The Year of the Resale: Shifting Focus to Keep Borderline Units Open in Hard Times

There's a saying I've heard in business and the franchise community for years: "Either your system is growing, or you are slowly going out of business and just don't know it yet."

These days, everyone's singing the "Bad Economy Blues." Unfortunately, this sentiment can become contagious within franchise systems. So what can franchisors do to help their franchisees sustain and grow, and to maintain happy franchise systems in these difficult times? Or at least, what can franchisors do to circle the wagons and avoid franchisee attrition? Attrition is a franchisor's worst enemy as failed and/or closed units reduce royalty income, render some support staff obsolete, and wreak havoc with franchisee validation.

I think we are all aware of the pressure put on franchise sales departments each year to add units so we can maintain or surpass the prior year's unit count. In today's marketplace this becomes more and more difficult because of financing challenges for candidates; uncertainty about the economy and direction of the country; and lackluster validation from current owners in the system, who are fighting through tough times and often changing the way they do business.

I would suggest that this is the year to concentrate on "resales." Don't lose franchisees who would have sold their existing unit instead of closing it... if only someone had assisted them in making that tough decision.

No franchisor wants to lose a franchise unit to termination or closure. Wouldn't it be better to help the franchisee find a buyer for the business?

However, most franchisors have no formal resale program in place to assist franchisees in selling their business. The result is that too many close when they could have been saved with new blood and the enthusiasm of a proud new owner. If we can't be adding a lot of new units this year, then what better time to focus on system sustainability by enabling sales of existing units?

A franchisor must be willing to be proactive in working with the support and operations staff to identify potential resale opportunities. Which franchisees are struggling financially, tired of the business, or are resolved that this just didn't end up being a good fit? If the operations staff identifies these franchisees, they can work hand in hand with the franchise development department to place a qualified candidate into an operating unit. What this means to the system is this:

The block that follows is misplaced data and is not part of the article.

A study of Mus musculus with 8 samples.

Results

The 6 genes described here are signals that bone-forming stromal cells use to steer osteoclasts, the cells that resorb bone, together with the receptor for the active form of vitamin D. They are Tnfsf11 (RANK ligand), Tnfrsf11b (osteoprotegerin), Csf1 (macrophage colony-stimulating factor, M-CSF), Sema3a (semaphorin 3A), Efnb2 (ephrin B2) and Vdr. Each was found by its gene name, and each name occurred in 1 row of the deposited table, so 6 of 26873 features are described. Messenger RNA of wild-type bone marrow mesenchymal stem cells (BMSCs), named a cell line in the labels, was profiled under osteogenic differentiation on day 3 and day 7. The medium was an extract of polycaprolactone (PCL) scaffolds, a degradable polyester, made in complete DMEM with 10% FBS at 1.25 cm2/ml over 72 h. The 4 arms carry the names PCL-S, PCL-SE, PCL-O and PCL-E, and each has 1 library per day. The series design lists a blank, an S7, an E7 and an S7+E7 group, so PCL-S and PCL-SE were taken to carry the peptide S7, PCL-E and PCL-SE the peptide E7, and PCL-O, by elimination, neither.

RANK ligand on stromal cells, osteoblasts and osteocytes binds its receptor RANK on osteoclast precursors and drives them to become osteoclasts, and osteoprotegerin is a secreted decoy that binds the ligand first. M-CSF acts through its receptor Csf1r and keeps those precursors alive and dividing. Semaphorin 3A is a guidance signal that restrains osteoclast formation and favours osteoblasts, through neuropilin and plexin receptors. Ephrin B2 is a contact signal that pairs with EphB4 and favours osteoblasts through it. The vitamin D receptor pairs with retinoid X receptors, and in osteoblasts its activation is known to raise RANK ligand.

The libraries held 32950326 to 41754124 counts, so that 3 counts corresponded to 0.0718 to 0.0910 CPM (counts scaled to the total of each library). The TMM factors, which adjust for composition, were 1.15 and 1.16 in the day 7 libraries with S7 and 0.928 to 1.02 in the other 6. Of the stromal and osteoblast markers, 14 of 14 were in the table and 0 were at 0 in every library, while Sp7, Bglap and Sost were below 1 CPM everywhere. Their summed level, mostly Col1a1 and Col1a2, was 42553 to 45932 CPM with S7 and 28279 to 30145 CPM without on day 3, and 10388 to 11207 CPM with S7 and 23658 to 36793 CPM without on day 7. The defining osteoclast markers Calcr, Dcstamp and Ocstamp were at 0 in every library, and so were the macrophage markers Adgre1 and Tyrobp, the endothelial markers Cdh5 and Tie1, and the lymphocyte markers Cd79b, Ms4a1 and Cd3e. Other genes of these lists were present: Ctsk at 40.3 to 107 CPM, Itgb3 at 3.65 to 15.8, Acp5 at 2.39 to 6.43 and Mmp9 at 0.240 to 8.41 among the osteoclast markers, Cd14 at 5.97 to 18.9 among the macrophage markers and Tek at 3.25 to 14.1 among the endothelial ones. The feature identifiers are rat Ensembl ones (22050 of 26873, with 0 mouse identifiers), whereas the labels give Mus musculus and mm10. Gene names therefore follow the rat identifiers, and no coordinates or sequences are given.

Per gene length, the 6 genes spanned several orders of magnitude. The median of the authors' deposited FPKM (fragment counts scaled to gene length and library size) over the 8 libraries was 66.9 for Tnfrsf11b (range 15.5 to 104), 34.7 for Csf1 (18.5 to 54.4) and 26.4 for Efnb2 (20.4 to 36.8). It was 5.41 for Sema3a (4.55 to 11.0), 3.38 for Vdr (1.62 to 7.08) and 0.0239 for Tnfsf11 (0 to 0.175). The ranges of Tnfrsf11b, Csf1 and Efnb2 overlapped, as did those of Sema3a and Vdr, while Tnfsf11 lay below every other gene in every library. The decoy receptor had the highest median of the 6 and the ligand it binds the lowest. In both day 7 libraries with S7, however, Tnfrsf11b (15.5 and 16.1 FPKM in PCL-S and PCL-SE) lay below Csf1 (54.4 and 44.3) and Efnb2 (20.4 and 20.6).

• You don't lose a unit.
  • In most cases new owners increase existing sales by a minimum of 50 percent.
  • Existing businesses are easier to finance because of their track record and the possibility of owner financing.
  • Generally, you eliminate a bad validator.
  • Instant results and stimulated royalties because there is no startup timeline.

The question of if and how a franchisor should be involved in the resale process has been an ongoing topic of discussion for years. Companies have been advised to stay away; to let the owners figure it out on their own; that there is too much liability in helping out; and to simply let them close. As a franchisor, your liability started with accepting the candidate into the system.

In today's economy, franchisee validation is much different than when the economy was in an upswing. Having a proactive resale program can make a big difference in keeping your royalty flow going, and in getting a more positive validation when new candidates call existing owners to see if the franchisor works with them to keep their business solid.

If you don't currently conduct franchisee financial reviews, it will be very difficult for you to head off potential financial failure until it's too late. Trends develop months before you receive that call from the franchisee that they just can't go on anymore. At that point, you really have only three choices in assisting franchisees to sell their business: 1) do it internally; 2) set up a national referral to a third-party vendor; and 3) do nothing.

Franchisees left to their own resources without direction will get frustrated. They will talk with local brokers who don't understand the value of a franchise and brand name and discourage them from selling. They will most likely tell them that what they have is worth nothing. Generally the franchisor is their next call, saying "How can this be?"

We've all dealt with resales in some shape or form in the past and understand the complexity of this process. But if we don't get involved on the franchisee level we could all face declining Item 20 numbers that will make it even more difficult to offer and sell franchises in the future. Don't wait for that phone call from a broker network or your internal team that says: "I just lost another great candidate to a franchisee offering their franchise to them. I didn't even know they were for sale. Did you?"

It might be time to sit down with your operations and franchise development teams to discuss how everyone can work together to assist franchisees in finding a buyer for their business. This will help the attitude of existing franchisees, keep your system from slipping backward, and establish a listing agreement and commission structure so broker networks or your internal sales team can be paid on resales.

It is time to step up to the plate and help your existing franchisees get qualified buyers and to get your franchise development department as excited about selling an existing business as a new unit. That simply means make sure they are compensated fairly and equally to get the job done.

With the proper system in place selling existing businesses can be profitable, fun, and just the right thing to do for everyone. Happy Reselling!